Boeing works to create data appetite in target-rich manufacturing
For decades, data has sat in databases — from Oracle to Excel — siloed in interdependent systems and used solely for reporting. But data without analysis offers little to an organization, a challenge Boeing has felt as the company has worked to create a more analytics-based organization. A key barrier to overcome is a lack of analytics awareness, said Srini Venkataraman, chief data scientist at Boeing, speaking at The AI Summit in San Francisco in September.
For example, all a factory mechanic wants to do is manufacture airplanes and meet production goals. Data and analytics don't come to mind, he said. When Venkataraman first joined Boeing, he would go into a factory every day and ask workers what they do and inquire if there are any problems he could solve, possibly by applying analytics. Sometimes, people would just want drop down menus in Excel, Venkataraman said.
- Once a relationship was established and problems identified, Venkataraman could work on promoting the use of analytics across the company. Organization became vital too. At Boeing, the data science function was traditionally out of site, with analysts working on microcosms of a problem. Instead, Venkataraman worked to reorganize the enterprise analytics group, placing data scientists together in development centers closer to customers.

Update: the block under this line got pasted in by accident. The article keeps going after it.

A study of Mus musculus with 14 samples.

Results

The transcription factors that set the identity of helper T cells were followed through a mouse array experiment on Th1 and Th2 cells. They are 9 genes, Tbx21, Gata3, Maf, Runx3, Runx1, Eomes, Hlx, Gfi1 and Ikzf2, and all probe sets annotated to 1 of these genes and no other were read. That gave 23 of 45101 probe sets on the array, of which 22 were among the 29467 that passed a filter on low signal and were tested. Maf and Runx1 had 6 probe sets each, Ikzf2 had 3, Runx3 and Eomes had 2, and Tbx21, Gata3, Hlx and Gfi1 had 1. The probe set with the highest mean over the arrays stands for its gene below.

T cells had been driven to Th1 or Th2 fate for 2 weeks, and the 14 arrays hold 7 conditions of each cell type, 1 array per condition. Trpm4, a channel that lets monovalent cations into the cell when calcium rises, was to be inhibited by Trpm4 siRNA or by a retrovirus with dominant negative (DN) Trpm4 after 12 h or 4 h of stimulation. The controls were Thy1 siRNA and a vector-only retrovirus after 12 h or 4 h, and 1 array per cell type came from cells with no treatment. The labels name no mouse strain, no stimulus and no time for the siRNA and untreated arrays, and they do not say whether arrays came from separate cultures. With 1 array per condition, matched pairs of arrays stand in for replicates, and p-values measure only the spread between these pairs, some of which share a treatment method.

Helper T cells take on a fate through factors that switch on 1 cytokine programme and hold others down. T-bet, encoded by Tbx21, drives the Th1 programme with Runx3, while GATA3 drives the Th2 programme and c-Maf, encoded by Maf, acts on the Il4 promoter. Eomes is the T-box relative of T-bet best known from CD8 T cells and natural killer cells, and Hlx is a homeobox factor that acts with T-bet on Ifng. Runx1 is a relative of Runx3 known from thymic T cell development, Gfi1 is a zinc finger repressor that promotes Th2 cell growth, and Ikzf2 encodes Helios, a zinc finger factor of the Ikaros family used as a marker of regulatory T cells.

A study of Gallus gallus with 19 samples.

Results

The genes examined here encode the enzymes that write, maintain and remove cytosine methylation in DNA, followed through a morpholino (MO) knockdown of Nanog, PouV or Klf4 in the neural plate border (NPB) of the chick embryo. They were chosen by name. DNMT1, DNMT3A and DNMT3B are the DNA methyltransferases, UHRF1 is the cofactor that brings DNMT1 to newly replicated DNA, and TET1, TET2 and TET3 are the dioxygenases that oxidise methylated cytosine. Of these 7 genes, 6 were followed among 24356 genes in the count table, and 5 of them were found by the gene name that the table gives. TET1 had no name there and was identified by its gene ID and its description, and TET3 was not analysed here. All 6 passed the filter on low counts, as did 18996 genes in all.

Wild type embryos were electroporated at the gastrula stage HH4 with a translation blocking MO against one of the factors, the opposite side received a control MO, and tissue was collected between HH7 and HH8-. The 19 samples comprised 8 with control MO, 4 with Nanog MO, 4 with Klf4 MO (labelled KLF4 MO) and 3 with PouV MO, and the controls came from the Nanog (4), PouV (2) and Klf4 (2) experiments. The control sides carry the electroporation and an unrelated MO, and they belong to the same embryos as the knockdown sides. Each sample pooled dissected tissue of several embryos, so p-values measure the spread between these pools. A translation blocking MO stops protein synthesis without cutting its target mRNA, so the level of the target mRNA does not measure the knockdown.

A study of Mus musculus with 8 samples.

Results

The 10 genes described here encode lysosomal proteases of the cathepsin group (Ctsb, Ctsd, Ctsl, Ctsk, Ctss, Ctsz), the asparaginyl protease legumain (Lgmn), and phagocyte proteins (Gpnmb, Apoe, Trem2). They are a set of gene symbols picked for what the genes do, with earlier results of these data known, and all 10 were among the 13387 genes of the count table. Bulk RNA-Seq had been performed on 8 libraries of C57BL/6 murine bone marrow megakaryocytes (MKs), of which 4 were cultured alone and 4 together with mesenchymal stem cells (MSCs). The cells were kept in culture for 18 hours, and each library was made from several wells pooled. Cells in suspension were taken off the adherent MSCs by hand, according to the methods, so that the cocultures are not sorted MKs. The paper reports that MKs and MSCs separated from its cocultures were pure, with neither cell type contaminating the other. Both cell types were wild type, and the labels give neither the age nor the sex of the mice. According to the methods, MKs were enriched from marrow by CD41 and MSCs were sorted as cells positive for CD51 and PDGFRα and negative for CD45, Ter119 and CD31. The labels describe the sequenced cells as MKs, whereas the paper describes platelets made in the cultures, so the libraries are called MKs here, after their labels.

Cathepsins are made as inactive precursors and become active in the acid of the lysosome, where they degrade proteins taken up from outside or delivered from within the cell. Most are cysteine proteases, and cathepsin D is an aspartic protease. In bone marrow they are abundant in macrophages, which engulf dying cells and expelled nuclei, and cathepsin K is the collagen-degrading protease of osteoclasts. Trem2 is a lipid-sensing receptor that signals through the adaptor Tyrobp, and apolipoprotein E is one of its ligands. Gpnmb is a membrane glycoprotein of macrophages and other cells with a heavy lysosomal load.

In 2016, Boeing celebrated its centennial and was faced with the question: What's next?
At Boeing, and most other companies, the answer is AI and ML. But teams have to approach the modernization challenge carefully.
The aerospace industry has been behind in AI and ML, Venkataraman said, but it's a target rich environment. Complex products, in an airplane every 1/1,000th of an inch matters. And with 10,000 Boeing airplanes in the sky — and a market for 43,000 more in the next 20 years — there are scores of data points to draw from.
Like many other organizations, one of the key challenges Boeing faces is working within a legacy environment and overcoming technical debt.
"Legacy systems are the Achilles' heel for digital transformation," Venkataraman said. These legacy systems run manufacturing in factories, so rapid transitions are impossible. Instead, Boeing has to slowly take its legacy footprint and migrate it into modern systems and software.
For example, every time a tech team builds a new application, it perpetuates technical debt because of all the legacy systems, contributing to the existing load on applications, architecture and infrastructure debt, Venkataraman said.
Venkataraman is not the sole executive on a data analytics push at Boeing. CIO Ted Colbert relied on proof points that highlight data analytic capabilities for mature production programs. And if data is not handled with proper guidance, it will remain trapped and useless to a company, he said.